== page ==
On Friday, September 12, the Wisconsin Supreme Court heard a number of cases dealing with the issue of whether septage is a “pollutant” that triggers the pollution exclusions in the insurers’ policies. Below is a discussion of the cases heard by the Supreme Court.
In the first case (Preisler v. Kuettel’s Septic Service, 2012AP2521), the plaintiffs (Preislers) owned a dairy farm on which they raised cattle. The Preislers entered into an agreement with Duke Kuettel, owner of Kuettel’s Septic Service, to spread septage on Preisler’s farm as fertilitzer. Kuettel’s Septic Service received permission to spread the septage as fertilizer on Preislers’ farmland from the Department of Naturals Resources, and did so for several years.
In 2008 the Preislers started experiencing problems on the farm. A large algae bloom appeared in their pool, which had been filled with well water. In addition, the Preislers’ cattle, which drank the well water, began to die in an uncharacteristically high rate. The deaths began to subside after the Preislers dug a new well.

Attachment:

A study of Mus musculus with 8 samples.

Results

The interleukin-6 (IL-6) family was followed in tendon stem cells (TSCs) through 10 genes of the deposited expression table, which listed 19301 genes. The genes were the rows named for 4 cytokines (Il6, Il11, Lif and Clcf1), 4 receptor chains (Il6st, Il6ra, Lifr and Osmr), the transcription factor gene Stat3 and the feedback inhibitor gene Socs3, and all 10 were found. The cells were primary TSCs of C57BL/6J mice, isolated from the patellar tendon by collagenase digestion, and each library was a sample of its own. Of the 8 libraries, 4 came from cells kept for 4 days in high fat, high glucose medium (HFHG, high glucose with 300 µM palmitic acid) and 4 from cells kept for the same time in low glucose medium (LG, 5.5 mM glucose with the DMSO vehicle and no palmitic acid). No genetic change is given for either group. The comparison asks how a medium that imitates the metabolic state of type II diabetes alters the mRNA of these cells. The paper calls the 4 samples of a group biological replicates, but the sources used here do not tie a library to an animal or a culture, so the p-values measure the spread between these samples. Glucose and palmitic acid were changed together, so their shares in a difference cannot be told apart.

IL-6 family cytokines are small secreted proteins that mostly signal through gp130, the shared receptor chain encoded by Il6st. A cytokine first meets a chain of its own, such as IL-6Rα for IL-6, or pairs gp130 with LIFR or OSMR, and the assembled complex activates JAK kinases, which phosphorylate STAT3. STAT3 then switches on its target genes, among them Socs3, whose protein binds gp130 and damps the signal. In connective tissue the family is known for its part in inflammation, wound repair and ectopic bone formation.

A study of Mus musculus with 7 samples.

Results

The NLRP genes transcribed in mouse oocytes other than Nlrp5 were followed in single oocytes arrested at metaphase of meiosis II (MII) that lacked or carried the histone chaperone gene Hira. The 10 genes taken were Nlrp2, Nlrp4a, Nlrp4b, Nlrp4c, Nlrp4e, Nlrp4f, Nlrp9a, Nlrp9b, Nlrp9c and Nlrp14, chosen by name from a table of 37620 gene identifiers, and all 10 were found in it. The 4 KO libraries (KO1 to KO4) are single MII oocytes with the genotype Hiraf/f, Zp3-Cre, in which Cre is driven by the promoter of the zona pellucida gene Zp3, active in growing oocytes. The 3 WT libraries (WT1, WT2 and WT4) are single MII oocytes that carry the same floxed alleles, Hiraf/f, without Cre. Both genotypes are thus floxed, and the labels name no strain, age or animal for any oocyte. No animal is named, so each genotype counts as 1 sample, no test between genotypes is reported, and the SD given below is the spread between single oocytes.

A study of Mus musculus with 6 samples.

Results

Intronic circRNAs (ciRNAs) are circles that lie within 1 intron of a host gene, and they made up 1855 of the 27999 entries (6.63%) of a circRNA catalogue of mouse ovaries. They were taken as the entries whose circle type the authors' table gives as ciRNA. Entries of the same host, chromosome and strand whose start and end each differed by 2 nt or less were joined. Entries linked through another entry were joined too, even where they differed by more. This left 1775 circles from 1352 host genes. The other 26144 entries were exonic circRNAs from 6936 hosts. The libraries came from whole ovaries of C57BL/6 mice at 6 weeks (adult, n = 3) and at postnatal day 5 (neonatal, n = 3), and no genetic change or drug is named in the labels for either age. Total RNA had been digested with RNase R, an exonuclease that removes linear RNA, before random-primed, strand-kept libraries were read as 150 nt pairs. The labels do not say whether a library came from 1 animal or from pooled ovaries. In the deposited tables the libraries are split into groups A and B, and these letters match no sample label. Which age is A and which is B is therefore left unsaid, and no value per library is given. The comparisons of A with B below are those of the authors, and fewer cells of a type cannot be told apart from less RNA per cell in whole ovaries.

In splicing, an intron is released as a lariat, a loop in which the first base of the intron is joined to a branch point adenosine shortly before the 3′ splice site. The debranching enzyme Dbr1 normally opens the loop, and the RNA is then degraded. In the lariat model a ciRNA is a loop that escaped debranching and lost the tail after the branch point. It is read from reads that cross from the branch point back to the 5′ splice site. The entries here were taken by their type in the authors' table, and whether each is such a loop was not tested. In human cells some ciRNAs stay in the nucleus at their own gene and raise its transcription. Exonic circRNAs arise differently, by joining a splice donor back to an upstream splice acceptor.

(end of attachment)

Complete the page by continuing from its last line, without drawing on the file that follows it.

The Preisler filed suit against Kuettel’s Septic Service and numerous insurance companies for the harm allegedly caused by the septage. Each of the insurance policies contained a similarly worded exclusion for pollution. Specifically, the policies excluded damage caused by the actual, alleged, or threatened discharge, dispersal, seepage, migration, release, or escape of pollutants. The policies also similarly defined “pollutant” as “as any solid, liquid, gaseous, or thermal irritant or contaminant.” The policies also included examples of pollutants, including, “smoke, vapor, soot, fumes, acids, alkalis, chemicals, and waste.” Each policy defined “waste” as “materials to be recycled, reconditioned, or reclaimed.”
The Court of Appeals, Dist. III held that septage is “unambiguously a pollutant” and therefore was a pollution exclusion under the policies.
In a separate case (Wilson Mutual Ins. Co. v. Falk) involving slightly different facts, the Court of Appeals, District II reached the opposite conclusion. In that case, the court held that cow manure is not a pollutant under the farm owners’ policy and therefore did not trigger the pollution exclusion under the insurance policy.
A decision in each of the cases is expected by the end of July 2015.